Dozens of bright, colorful holiday bulbs hung delicately on individual strands of fishing wire and push pins from the ceiling of Kurt and Mindy Weide’s Paso Robles home.
The display is only part of the mass decorating that goes into prepping for Saturday’s 23rd annual Vine Street Victorian Christmas Showcase.
They’re part of the 13 blocks of homes, businesses and schools along the historic North County street blocked from vehicle traffic so people can walk the neighborhood’s various lighted attractions.
“It takes about three-and-a-half days of decorating in all,” Mindy Weide said of her home at 1728 Vine St.
“It’s always, ‘More lights, more lights!’ from these boys,” a smiling Kurt Weide said of sons Carson, 8, and Parker, 6.
Red-and-white-striped arches line their yard, now home to a nativity scene and igloo.
Every year, they learn how to improve. The house had to be re-wired to support the amount of electricity flowing through it during the holidays, Kurt Weide said. They also joined a utility program that averages out their electricity bill so it doesn’t shoot up in December.
Even with the chance of rain, the event is happening, officials said. The forecast didn’t worry most participants.
“One year when it was raining, I went up on 10th Street and looked down and (Vine Street) looked like a sea of umbrellas,” Terry White said.
She and her husband Bruce decorate a two-story, turn-of-the-century Victorian at 1245 Vine St., which houses the family financial business. Outside, the fence and porch are adorned with 50 giant red bows.
The Whites bought the building in 2001, and, as longtime residents, they knew what they were getting into. Permanent rope lights are installed around the house and along its steep architectural peaks. The family likes being part of the event but also taking time out to walk around and enjoy it.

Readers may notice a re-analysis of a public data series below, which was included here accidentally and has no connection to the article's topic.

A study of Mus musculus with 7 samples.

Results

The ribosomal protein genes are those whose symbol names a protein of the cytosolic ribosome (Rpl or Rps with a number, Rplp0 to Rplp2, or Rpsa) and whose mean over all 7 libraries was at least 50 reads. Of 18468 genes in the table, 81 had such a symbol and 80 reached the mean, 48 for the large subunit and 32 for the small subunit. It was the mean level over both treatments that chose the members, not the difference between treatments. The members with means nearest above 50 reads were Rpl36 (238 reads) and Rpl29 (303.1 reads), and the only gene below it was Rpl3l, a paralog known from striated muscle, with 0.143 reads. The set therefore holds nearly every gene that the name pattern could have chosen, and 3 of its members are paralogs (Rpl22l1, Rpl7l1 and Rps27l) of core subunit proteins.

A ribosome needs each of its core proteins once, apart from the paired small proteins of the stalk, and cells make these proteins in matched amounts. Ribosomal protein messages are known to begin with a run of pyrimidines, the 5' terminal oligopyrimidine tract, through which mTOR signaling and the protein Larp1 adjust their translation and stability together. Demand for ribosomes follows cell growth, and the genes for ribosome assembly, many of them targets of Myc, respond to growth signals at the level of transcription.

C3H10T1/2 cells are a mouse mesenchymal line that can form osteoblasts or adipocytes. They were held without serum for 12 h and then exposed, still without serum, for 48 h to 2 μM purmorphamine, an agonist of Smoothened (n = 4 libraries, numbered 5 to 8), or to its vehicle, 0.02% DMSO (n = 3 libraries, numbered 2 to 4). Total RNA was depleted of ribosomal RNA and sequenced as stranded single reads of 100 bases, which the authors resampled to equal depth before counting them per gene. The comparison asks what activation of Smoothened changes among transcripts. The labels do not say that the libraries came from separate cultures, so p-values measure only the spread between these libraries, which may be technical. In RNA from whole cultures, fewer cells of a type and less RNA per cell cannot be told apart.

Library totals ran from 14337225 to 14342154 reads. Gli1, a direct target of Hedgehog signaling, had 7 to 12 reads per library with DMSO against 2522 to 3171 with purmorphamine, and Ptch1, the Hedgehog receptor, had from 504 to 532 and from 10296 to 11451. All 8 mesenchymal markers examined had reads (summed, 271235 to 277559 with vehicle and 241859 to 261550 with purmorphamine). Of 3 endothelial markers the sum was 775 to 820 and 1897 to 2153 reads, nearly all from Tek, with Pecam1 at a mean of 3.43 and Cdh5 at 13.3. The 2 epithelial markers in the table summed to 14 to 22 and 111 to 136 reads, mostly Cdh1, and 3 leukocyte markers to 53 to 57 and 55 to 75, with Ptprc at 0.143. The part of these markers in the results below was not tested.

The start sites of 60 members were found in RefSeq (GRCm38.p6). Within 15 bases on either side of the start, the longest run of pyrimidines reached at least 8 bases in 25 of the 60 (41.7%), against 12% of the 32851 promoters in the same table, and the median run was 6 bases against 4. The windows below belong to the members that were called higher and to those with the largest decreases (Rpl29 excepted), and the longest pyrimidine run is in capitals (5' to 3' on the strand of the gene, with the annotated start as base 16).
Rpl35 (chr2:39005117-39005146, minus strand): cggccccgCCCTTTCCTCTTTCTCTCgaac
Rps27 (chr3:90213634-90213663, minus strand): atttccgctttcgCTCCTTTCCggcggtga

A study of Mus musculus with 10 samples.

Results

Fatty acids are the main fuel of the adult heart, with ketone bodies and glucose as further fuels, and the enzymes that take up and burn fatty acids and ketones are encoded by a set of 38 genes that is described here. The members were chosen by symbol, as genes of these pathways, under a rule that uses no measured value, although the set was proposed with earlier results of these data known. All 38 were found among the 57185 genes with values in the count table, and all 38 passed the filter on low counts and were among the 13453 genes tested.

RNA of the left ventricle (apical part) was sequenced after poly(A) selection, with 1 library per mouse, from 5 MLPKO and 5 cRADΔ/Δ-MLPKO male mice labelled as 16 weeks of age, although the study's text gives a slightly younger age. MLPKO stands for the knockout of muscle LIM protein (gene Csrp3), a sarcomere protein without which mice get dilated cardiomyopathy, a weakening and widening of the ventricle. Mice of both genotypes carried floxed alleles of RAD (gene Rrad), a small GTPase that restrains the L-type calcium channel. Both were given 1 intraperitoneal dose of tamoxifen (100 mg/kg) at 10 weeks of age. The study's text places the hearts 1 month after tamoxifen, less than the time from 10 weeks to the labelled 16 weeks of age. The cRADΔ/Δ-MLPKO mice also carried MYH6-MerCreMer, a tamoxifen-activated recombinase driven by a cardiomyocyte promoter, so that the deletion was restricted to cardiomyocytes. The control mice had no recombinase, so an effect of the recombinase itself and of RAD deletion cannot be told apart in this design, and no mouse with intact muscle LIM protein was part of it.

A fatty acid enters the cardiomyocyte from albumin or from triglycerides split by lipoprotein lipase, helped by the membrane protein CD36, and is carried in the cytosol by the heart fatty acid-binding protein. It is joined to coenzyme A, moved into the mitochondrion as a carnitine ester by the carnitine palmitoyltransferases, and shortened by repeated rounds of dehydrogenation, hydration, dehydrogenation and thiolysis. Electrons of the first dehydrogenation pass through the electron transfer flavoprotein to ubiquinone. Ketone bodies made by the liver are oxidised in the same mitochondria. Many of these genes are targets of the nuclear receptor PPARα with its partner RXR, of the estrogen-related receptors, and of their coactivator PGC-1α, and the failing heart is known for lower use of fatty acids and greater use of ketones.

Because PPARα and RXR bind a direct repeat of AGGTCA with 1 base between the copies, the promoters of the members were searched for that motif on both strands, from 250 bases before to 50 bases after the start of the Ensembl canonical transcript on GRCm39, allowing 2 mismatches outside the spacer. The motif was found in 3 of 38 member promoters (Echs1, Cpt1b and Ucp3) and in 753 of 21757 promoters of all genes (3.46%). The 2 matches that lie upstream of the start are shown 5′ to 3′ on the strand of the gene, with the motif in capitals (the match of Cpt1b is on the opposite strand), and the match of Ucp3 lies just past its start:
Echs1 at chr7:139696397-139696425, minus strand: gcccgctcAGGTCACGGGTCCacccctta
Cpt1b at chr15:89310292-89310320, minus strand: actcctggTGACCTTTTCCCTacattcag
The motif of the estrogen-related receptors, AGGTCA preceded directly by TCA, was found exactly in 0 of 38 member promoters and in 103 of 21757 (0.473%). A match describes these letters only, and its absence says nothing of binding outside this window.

“Like my wife has said, this event is a chance to step away from your busy life and into something nostalgic,” Bruce White said.
Other festivities Décor is one part, participants say, but there’s also free cotton candy, cookies, roasted chestnuts and hot cider throughout the route. The public activities take place outside, such as staged performances, choirs and interactive costumed characters like Scrooge.
“It’s just a fun, magical event that is really a gift back to the community,” showcase founder Norma Moye said.
The Paso Robles resident, who also leads the downtown’s Main Street Association, is widely admired among showcase residents.
“People ask why we do this every year,” said Doug Major, of Dr. Major & Dr. Hile Optometrists at 1112 Vine St. “And it’s really because of Norma. She’s such a cheerleader for Paso Robles. And she sees that everyone really loves this event.”
His office, which has participated for the last 20 years, has the cotton candy. Three machines and a handful of helpers work throughout the evening, Major said.
Some years, up to 2,000 sticks of the pink sugary treat are distributed.